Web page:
July 5 (UPI) -- Violent anti-LGBT demonstrations led to the cancellation of the Pride March in the Georgian capital Tbilisi Monday, organizers said.
After the violent attacks between anti-LGBT groups and police, organizers of the Pride March announced the event was cancelled.
"We would like to state that the #PrideMarch will not take place today. The authorities did not ensure the security of the community and our supporters. We can not go to the streets full of violent people backed by the authorities and patriarchate and put people's lives at risk!" Tbilisi Pride said on Twitter.
The Pride March was to be the first event of its kind to be held in the region.
The attacks were undertaken by violent anti-LGBT and religious groups and were aimed at the offices of gay rights activists and journalists, witnesses said.
They came following statements by Prime Minister Irakli Garibashvili who said the march was "unacceptable for a large segment of Georgian society."
Violent homophobic groups were captured on video and in photos storming the offices of LGBTQ activists and attacking those involved in the planning as well as journalists covering the events, which were scheduled to run from July 1-5 and to culminate in the Pride March.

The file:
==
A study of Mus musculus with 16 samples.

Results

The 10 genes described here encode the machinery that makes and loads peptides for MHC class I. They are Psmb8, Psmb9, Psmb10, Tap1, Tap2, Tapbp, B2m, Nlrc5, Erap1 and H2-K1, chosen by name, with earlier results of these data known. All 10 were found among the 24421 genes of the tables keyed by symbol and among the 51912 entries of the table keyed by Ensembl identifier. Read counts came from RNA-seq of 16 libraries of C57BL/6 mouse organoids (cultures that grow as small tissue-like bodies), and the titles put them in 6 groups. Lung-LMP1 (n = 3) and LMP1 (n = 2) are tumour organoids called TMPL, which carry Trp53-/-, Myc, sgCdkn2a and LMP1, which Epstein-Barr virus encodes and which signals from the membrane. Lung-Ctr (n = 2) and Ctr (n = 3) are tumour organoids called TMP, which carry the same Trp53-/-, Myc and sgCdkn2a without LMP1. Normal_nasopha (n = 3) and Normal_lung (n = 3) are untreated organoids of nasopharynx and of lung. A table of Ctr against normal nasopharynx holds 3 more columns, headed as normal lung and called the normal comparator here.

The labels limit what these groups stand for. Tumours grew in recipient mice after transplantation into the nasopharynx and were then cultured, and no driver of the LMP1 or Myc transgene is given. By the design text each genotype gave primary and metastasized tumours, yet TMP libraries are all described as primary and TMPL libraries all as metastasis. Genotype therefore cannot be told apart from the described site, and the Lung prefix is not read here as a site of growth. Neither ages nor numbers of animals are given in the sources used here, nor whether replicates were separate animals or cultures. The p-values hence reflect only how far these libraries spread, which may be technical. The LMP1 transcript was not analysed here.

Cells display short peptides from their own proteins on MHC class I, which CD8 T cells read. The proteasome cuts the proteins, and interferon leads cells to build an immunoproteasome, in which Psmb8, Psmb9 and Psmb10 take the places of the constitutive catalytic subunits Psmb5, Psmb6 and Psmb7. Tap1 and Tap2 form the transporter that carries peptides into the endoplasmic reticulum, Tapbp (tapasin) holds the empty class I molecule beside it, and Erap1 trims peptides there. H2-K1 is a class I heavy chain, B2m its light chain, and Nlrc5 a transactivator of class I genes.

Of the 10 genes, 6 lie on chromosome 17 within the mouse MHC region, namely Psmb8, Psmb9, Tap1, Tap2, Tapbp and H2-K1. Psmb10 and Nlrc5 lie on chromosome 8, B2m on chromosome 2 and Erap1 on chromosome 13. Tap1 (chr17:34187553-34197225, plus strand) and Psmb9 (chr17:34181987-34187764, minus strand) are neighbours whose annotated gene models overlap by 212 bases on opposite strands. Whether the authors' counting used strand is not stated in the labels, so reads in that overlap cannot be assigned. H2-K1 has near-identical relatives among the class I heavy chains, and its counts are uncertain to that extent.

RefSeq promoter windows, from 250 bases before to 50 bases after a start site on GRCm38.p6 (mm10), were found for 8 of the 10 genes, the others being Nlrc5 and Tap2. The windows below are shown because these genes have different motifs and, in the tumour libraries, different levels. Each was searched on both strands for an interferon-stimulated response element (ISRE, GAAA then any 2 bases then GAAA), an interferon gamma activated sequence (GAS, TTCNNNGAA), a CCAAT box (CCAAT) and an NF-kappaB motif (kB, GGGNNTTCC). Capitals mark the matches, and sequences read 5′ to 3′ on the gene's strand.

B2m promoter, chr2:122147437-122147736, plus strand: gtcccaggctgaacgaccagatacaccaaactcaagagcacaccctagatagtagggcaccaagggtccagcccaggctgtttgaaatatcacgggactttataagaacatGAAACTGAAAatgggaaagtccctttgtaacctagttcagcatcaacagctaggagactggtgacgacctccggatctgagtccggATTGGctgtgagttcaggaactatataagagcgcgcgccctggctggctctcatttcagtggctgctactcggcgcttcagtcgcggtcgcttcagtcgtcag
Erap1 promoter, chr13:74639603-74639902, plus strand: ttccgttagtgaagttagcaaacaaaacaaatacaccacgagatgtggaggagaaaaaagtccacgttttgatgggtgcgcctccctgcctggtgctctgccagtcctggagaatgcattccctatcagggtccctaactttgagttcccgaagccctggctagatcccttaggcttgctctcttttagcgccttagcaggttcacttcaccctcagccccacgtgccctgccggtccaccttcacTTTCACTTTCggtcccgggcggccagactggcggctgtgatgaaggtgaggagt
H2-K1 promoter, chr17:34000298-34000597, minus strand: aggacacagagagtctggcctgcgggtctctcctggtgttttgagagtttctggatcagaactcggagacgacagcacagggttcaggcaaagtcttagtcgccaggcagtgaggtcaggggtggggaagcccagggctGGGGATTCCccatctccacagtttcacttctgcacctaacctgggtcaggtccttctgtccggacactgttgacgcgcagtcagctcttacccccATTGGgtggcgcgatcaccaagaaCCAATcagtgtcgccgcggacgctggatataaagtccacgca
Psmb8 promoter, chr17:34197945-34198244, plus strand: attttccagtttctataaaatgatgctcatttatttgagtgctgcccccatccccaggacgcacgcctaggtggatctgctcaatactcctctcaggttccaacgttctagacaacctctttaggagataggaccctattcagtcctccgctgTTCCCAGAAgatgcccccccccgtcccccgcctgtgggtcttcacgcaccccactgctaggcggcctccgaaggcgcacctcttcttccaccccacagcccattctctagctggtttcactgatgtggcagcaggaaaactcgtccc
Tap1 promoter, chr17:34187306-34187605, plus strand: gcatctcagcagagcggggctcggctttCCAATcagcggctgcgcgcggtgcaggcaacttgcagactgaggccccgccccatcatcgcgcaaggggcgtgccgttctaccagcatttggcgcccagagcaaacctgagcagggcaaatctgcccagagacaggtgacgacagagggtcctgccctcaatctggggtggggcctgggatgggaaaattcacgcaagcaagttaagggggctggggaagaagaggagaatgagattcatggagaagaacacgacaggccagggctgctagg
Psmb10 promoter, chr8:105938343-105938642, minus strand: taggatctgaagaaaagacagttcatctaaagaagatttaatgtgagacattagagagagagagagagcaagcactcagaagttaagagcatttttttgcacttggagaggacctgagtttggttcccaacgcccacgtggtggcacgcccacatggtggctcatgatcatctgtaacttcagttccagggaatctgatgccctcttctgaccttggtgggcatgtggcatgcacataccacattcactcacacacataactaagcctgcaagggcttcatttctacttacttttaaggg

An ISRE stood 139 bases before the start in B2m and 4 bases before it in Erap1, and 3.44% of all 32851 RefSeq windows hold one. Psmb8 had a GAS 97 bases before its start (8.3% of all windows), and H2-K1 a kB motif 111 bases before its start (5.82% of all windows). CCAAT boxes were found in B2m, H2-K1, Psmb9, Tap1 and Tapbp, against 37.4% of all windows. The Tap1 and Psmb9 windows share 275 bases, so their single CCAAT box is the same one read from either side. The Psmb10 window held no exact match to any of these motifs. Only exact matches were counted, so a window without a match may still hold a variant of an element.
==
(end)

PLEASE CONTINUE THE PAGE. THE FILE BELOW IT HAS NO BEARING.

In all, 15 journalists set to cover the Tbilisi Pride March were attacked in the mayhem.
"The Ministry of Internal Affairs primarily condemns hate speech, including any form of violence against members of the media," the government said in an issued statement.
LGBTQ activists in Georgia face opposition from political authorities and the Orthodox Church.
Videos and photos of the attacks immediately appeared on Twitter. In one of the photos, journalist Rati Tsvevara is shown being beaten and dragged by a priest.
The U.S. Embassy expressed its support on Facebook, noting that the entire Georgian people, including the LGBTQ community, should be free to exercise their rights to free expression and non-violent assembly.
German lawmaker Michael Roth publicly expressed his support for the LGBTQ community and the British Embassy in Tbilisi issued a statement calling on the Georgian authorities to stop the violence.